About 75 percent of high school seniors failed their final exam this year, the result of a crackdown on rampant cheating. Tests were held under strict conditions, part of a larger drive to fix Cambodia's education system.


The gifts bestowed on Ms. Vibolroth and 10 other Cambodian teenagers resulted from the fact that they were the only students to receive top marks on the final exam that seniors must pass to complete high school and attend university. 

But the majority of Cambodia's students flunked. About 75 percent of the 90,000 test takers across Cambodia failed the exam, held after a crackdown on rampant cheating. The results were so dire that the test will be repeated in October.

Last year, 87 percent of students passed and about 200 earned A's. This year the government held tests under strict conditions, using extra monitoring staff, and threatening serious consequences for anyone caught cheating.

Those moves are part of a larger drive to fix the education system in Cambodia, where young people make up a sizable percentage of the population, but more than half leave school before graduation, according to the International Labour Organization.

Educators and students here describe a cheating system that, fueled by technology, low teacher salaries, and lax oversight, was out of control.

Before the new initiative, students could pay their teachers to see the test in advance. They could work in groups. Using their smartphones, they snapped shots of leaked test pages and circulated them around within minutes. Around crunch time, exams would go viral.

“The result is that if they pass the exam, it comes from the cheating, from the fraud, from corruption,” says San Chey, a fellow with the Affiliated Network for Social Accountability in East Asia and the Pacific, a nongovernmental organization that works on education issues in the region. This year, “we can say that the result is acceptable. It is a clean examination.”  

After national elections last year, the ruling Cambodian People’s Party shuffled its top officials around and installed a new minister of education, who made test reforms a top priority. The ministry dispatched thousands of additional monitors from the government's Anti-Corruption Unit to ensure that the exams were clean, bringing the number of staff overseeing the testing days to more than 20,000.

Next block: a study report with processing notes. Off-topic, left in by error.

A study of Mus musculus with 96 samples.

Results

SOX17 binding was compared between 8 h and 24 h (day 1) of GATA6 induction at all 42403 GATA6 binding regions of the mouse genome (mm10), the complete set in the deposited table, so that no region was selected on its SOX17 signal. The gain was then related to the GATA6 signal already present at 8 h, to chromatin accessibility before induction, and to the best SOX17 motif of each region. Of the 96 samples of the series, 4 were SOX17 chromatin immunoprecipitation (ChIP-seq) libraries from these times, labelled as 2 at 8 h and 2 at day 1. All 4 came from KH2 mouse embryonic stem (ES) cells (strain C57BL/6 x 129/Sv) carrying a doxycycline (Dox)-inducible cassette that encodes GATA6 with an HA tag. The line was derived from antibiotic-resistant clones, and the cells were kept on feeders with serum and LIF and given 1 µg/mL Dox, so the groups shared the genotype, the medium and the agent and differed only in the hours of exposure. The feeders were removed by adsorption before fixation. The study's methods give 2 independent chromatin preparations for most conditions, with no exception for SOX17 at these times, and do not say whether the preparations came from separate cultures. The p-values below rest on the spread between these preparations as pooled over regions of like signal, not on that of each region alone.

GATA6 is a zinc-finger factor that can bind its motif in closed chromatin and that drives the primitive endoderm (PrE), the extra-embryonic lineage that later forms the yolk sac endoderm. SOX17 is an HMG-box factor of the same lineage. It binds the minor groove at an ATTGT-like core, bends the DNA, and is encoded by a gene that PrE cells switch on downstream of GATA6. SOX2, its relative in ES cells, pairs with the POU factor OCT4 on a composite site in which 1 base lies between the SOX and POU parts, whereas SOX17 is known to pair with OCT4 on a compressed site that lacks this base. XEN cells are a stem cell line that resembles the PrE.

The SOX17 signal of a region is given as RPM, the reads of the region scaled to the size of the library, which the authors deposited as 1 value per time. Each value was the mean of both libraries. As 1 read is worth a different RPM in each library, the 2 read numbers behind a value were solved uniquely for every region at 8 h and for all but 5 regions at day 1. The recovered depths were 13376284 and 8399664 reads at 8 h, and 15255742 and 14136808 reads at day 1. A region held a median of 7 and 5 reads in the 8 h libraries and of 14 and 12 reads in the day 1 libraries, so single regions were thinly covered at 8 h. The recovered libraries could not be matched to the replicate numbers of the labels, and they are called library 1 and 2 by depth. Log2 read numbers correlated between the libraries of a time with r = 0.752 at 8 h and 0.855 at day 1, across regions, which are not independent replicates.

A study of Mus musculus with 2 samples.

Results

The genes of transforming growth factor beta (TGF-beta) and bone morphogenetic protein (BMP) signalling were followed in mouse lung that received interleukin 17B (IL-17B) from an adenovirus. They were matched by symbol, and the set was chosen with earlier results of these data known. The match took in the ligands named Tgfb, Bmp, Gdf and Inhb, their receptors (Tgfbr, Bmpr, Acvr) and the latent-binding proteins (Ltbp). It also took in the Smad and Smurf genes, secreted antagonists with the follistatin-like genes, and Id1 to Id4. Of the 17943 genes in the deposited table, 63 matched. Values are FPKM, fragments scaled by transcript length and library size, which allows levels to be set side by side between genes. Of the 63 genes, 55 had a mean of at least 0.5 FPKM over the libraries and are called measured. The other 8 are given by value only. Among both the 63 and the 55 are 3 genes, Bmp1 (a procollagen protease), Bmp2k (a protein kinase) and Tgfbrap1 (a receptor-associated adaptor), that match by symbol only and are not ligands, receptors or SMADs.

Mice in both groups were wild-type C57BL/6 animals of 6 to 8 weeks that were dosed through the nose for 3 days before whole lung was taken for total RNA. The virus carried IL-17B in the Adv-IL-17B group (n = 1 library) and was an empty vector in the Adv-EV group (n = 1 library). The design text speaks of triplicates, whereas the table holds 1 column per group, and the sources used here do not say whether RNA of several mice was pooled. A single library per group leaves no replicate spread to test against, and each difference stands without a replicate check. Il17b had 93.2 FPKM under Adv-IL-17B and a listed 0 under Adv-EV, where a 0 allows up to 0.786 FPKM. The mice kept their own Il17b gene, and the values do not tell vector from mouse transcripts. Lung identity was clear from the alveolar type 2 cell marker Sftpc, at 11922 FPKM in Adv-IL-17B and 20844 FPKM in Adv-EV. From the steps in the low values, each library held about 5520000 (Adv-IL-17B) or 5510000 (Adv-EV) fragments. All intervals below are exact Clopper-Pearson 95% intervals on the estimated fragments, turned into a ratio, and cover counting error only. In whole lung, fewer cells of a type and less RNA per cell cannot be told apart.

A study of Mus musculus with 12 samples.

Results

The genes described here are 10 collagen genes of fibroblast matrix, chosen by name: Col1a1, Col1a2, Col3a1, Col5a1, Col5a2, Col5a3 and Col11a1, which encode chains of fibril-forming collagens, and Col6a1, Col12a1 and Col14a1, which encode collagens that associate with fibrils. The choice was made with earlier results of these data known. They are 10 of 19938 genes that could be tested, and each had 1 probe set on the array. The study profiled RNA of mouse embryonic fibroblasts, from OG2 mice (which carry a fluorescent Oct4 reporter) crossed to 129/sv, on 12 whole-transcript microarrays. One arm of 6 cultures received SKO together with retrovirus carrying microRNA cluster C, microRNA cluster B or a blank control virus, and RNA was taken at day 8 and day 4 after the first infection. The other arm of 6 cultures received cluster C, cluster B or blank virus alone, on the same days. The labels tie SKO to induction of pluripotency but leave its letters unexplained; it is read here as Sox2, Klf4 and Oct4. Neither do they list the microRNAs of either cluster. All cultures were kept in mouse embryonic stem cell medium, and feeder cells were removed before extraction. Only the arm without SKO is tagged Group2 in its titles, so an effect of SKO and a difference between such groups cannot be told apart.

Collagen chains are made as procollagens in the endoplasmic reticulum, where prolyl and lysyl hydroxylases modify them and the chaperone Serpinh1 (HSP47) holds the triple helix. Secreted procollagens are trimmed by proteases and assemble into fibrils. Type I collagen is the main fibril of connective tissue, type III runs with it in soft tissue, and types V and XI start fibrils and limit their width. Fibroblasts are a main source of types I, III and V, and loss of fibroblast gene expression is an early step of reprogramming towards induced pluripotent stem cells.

Phones weren’t allowed in the rooms. Neither were calculators. Math questions had to be figured out by scribbling on scrap paper.

The extra precaution wasn't without controversy. Khieu Kannara, a Khmer literature teacher at Vibolroth’s school, said the reforms were necessary, but that the beefed up security may have shaken students and negatively affected their performance.

“The observation from the corruption team was good, but it was too much because when the students moved, they took pictures of the students,” she said. “For example, the student drops a pen, then they took a picture and shouted to the teacher to look at the student. So this gave both advantages and disadvantages, because it was interrupting the student’s feelings.” 

One senior at the same school, who didn't pass and therefore requested not to be named, said she had trouble concentrating. During the test, she brushed her hair behind one ear. The gesture attracted the glare of one monitor, who eyed her suspiciously and took a picture.

“There were two teachers inside the class and three or four people standing outside the classroom,” she said, adding that doing math without a calculator was “so hard.” 

'It was a success' 

Most students who leave school early do so for economic reasons. Poor students who stay on remain disadvantaged come test time. Their families can't make the common informal payments that could help them gain an upper hand.

Education officials, therefore, believe they have leveled the playing field, and dismiss suggestions that they overreached. 

“It was a success,” Ros Salin, the spokesman for the Ministry of Education, said of the reforms. “Now, most of the students, they change their mindsets,” and are taking the test more seriously.

Because of the reforms, those who flunked will get another shot at passing in a retest in October. The government is enlisting A students like Vibolroth in the fight. 

She’s being paid $5 an hour to tutor students five times a week, two hours a day. One thing her new job has given her is perspective. She knows how hard it is to be a teacher. In her classes, the students are “very worried.” What they may not know is that the feeling is mutual. 

Speaking in her new role as teacher, she says that, “I worry that I didn’t cover all the lessons and the exam [covers] that part I didn’t talk about.”